Sunday, June 30, 2013

!!!News Flash!!!

My daughter and her family went for ten days to Egypt to visit family. [That's not the News Flash.] They came back Saturday the 29th. We were uneasy. It was close. She told a harrowing story.

Extreme gasoline shortages plague Cairo, which meant hours spent in long lines in the hopes of finding gas once at the pump. To make matters worse, some areas in Egypt experience several hours of electrical power outages every day, to say nothing of the high unemployment and a disintegrating economy.

Therefore, because of severe mismanagement of the Egyptian government by the current ruling religious party, massive demonstrations were called for June 30th, the one-year anniversary of the first elected president. Protesters hope to "persuade" the President and his cabinet to step down. Preparations  near Tahrir Square a few days ago:
Interesting graffiti covers walls in the region of Tahrir Square (where the Revolution took place two years ago) in central Cairo.
"No to the Constitution," "Bloodshed brings bloodshed," 
"Down with Morsi [the president]."
Grafitti also covers the blockades near the presidential palace.
"No to the pharoah [who is]unjust--leave." "Dictatorship leads to disaster."
"Killers", "We won't forget," "Down with military rule," "Freedom." 

You get the point. People started rallying several days early and by the 29th, hundreds of thousands of people were out in the streets. My daughter got to the airport early and said it was like a war zone. Military personnel were everywhere and panicked people were trying to get away before the chaos set in.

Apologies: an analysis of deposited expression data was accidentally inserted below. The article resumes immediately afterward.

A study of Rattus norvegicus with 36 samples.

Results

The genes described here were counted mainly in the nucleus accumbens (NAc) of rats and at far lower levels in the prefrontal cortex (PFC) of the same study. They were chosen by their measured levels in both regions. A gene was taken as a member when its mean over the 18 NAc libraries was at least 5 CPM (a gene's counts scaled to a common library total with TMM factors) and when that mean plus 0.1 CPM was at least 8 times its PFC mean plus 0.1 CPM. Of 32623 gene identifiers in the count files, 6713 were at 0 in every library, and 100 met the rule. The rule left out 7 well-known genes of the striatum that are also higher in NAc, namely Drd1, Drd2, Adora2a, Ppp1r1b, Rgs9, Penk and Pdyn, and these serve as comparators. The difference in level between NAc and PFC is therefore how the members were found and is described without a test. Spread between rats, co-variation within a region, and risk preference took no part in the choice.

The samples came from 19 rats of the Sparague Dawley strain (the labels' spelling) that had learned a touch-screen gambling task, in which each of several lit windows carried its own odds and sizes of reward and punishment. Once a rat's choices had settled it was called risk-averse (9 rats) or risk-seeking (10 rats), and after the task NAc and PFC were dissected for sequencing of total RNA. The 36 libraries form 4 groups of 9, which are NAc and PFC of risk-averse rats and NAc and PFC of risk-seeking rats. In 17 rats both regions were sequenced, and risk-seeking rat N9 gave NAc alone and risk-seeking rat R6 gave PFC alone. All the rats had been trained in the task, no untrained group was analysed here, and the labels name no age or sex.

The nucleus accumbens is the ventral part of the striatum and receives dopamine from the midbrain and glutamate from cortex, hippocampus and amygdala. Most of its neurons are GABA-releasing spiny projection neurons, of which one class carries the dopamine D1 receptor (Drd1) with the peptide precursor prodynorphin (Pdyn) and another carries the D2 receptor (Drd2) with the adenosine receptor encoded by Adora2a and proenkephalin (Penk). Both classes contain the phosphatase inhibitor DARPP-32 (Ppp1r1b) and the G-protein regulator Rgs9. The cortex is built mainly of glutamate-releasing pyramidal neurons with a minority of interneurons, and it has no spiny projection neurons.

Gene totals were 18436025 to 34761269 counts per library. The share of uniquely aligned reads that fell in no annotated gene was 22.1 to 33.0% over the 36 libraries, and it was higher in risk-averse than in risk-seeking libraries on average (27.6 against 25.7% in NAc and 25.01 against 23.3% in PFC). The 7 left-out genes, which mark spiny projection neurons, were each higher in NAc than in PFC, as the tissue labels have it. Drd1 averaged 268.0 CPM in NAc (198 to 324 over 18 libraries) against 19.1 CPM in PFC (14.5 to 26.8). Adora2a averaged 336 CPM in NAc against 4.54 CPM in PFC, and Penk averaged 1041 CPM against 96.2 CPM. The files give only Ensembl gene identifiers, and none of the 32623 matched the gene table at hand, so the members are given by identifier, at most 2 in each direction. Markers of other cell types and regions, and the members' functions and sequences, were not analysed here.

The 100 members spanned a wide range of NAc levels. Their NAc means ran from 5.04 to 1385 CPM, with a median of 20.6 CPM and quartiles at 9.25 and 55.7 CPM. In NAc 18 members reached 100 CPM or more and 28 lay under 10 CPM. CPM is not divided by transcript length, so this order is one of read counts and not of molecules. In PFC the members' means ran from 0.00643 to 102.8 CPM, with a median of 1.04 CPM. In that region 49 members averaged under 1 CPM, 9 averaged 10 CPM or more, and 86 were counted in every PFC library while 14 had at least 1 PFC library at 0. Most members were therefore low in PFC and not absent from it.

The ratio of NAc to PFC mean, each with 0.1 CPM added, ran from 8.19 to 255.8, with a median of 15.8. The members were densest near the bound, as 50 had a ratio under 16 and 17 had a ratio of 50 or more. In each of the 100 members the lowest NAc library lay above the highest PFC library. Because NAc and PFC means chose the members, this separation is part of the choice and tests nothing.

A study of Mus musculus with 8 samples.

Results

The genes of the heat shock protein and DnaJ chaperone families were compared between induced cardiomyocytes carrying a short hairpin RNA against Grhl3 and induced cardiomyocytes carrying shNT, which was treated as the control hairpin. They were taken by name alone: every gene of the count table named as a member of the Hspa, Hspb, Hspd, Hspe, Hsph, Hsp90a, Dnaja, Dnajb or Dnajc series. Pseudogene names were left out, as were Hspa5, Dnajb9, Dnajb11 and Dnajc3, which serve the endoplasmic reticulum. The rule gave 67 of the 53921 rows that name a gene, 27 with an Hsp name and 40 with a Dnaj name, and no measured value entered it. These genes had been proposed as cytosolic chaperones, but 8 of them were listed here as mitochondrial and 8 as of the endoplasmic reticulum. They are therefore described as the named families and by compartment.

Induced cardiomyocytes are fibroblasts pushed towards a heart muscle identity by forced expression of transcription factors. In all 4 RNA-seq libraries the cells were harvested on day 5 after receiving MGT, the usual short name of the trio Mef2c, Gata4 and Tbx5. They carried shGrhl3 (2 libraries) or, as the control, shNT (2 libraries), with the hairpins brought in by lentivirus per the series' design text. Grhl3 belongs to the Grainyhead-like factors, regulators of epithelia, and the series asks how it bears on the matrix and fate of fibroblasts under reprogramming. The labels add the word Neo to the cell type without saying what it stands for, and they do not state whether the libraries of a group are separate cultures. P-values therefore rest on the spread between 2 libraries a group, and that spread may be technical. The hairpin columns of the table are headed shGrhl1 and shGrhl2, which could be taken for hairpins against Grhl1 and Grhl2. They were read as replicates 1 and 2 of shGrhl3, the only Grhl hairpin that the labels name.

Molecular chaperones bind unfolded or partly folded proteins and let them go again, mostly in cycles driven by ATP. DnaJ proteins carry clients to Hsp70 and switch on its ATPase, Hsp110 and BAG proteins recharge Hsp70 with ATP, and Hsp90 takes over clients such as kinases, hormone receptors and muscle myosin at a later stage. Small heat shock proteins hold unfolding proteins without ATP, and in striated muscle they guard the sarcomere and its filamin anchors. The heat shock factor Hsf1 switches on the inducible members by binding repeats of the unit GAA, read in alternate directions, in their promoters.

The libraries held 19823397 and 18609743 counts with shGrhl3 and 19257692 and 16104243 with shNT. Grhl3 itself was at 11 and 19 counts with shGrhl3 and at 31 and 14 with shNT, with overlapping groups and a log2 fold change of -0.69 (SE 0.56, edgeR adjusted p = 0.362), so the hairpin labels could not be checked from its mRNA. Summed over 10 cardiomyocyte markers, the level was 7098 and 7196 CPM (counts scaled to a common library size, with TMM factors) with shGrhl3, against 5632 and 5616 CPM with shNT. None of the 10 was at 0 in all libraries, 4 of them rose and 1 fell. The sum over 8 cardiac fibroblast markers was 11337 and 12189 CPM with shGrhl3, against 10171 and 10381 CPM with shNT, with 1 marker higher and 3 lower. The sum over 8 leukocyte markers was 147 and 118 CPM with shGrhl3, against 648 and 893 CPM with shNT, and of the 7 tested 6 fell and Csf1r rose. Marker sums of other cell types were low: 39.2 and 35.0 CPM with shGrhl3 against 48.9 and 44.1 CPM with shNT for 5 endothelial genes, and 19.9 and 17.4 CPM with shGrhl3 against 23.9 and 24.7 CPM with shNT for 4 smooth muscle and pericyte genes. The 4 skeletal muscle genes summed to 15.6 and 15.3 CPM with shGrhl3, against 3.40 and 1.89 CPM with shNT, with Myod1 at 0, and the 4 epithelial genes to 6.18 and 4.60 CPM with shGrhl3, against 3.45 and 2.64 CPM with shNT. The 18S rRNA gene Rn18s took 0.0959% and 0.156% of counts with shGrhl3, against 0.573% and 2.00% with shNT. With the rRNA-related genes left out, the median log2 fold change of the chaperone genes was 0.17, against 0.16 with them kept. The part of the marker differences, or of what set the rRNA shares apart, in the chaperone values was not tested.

Today's demonstrations remain peaceful, however, there appears to be at least one pro-government rally. The Tunisian news is following events closely to see how far they will go. A question hangs in the air: Will Tunisians answer the call to throw off an incompetent and illegitimate government?

11 comments:

Tonya Ricucci said...

glad your daughter and her family made it out safely. Egypt is such a mess - I don't know how any government can make it work. So much of the economy depends on tourism and I don't see that rebounding anytime soon. I was going to add so much more, but really, it is just a mess... hope it stays calm in Tunisia.

deanna7trees said...

i've been following the demonstrations on the news. glad your daughter is safe.

O'Quilts said...

Good Lord...I think of you often and the crazy world we live in. The slender thread of life. Happy for the safety of your daughter...

Carol said...

What a mess! The whole world has gone crazy.
Thank God for your daughter and her family's safe trip. We must continue to pray for peace in this world.

Julie Fukuda said...

It is difficult to imagine while living in such a safe place as Japan. Governments everywhere are filled with people on their own agenda but when it has such a negative impact on those just trying to live their everyday lives there is so little we can do but pray for the safety of the citizens. Glad your daughter returned safely'

Susan Christensen said...

I am relieved to know your daughter is back unharmed. Stay safe, Nadia. I am grateful for your clear-eyed reportage.
-sus

blandina said...

It is so frightening to think of what could happen and how the violence could explode and escalate.

Merilyn said...

All this uncertainty is so sad! Glad your daughter made it home safely!!!!

Rafael's Mum said...

So glad your daughter is safe! It's worrying when you cut it so close. xx

Janet M. Atwill said...

Much to consider in potential relationships between changes in Egypt and Tunisia. . . . I also love collecting pictures of graffiti. I think there is a graffiti-esque element to your political art quilts.

Brown Dirt Cottage said...

Scary times in the Middle East. Glad your daughter made it back in the nick of time and you all are safe and sound!!

It is interesting to read your updates, thanks for sharing!!